I had several photos to choose from. The first was too small and I could not see the face clearly. An outdoor photo was a possibility as well. But a photo of the two in front of the fireplace won out. The image was good and I could work with it well.
The painting was not going to be large (only 6x9 inches), but I did a small study first even so.
Read on to see how I painted this portrait. Or you can skip the demo and click here to see the finished portrait.
Whenever I tell my watercolor students that I do every large watercolor painting or commission twice, they act surprised. But I do! The first is a study - which is a smaller sample. A study gives me a chance to see what I want to do in the final painting and is especially helpful with portraits.
For a portrait study, I do not focus on getting a likeness in the face. The important thing is to see if I like the composition.
What I found is that it would be too small at 6x9 to get a good likeness - I could hardly see to paint the eyes! So I decided to move the dog closer and zoom in for the final painting.
Here is how I painted this portrait:
I begin with a careful drawing on drawing paper then transfer it to my watercolor paper. The initial drawing is vitally important! If anything is out of place, no amount of painting will fix it. You cannot paint over watercolors the same way you do with oils or acrylics since watercolors are transparent. After the drawing is transferred, I do a wash of skin color mixed from red and yellow.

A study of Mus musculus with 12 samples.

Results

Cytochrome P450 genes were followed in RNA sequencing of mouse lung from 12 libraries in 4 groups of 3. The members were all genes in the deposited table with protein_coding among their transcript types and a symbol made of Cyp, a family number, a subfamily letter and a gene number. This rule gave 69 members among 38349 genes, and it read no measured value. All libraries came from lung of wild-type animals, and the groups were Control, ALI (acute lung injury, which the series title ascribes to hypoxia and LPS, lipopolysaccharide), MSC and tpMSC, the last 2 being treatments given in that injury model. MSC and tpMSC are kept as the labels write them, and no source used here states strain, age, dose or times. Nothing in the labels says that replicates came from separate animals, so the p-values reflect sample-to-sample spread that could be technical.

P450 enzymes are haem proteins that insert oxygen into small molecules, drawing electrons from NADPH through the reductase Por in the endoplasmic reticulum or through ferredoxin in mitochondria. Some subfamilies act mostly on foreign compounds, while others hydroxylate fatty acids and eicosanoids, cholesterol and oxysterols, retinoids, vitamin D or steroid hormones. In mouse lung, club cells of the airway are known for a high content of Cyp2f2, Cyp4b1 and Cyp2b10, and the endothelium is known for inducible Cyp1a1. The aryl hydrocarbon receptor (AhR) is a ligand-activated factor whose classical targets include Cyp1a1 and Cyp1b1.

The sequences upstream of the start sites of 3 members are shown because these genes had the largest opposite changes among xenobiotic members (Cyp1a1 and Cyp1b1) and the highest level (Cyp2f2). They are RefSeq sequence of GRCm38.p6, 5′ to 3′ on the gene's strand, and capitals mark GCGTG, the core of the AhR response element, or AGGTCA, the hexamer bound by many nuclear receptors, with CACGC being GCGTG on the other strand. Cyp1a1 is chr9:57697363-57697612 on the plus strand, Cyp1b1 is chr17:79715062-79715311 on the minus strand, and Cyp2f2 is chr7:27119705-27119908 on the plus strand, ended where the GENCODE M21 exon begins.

Now comes the really fun part - dropping reds, blues and yellows into the shadow areas while the skin color is still wet. Looks pretty colorful, doesn't it? It won't stay that way, but those initial colors will shine through the transparent watercolor later on giving the painting more interest and depth.
Next is the blue shirt - now you can see why I used those blues on his face - they reflect the color of his shirt.
We can't forget Bubba! I use the same colors to mix the black that I used so far in the painting. This keeps a common color theme throughout.
After painting the background, everything has an initial wash of color and it's time to shape the face more.
I deepen the shadow areas on the face and neck by adding more layers of color, letting them dry in between. By the time the portrait is finished, there will be many transparent layers of color. Next I add details:
OK the details are now painted - eyes, nose, ears and mouth. But I still have work to do to get the likeness. This is when the real painting begins!
I spend many, many hours softening shadows and highlights and adding more shadows where needed until I'm finally satisfied with the likeness to the person:
Have you had a portrait painted or do you paint them? Let me know your experience in the comments below.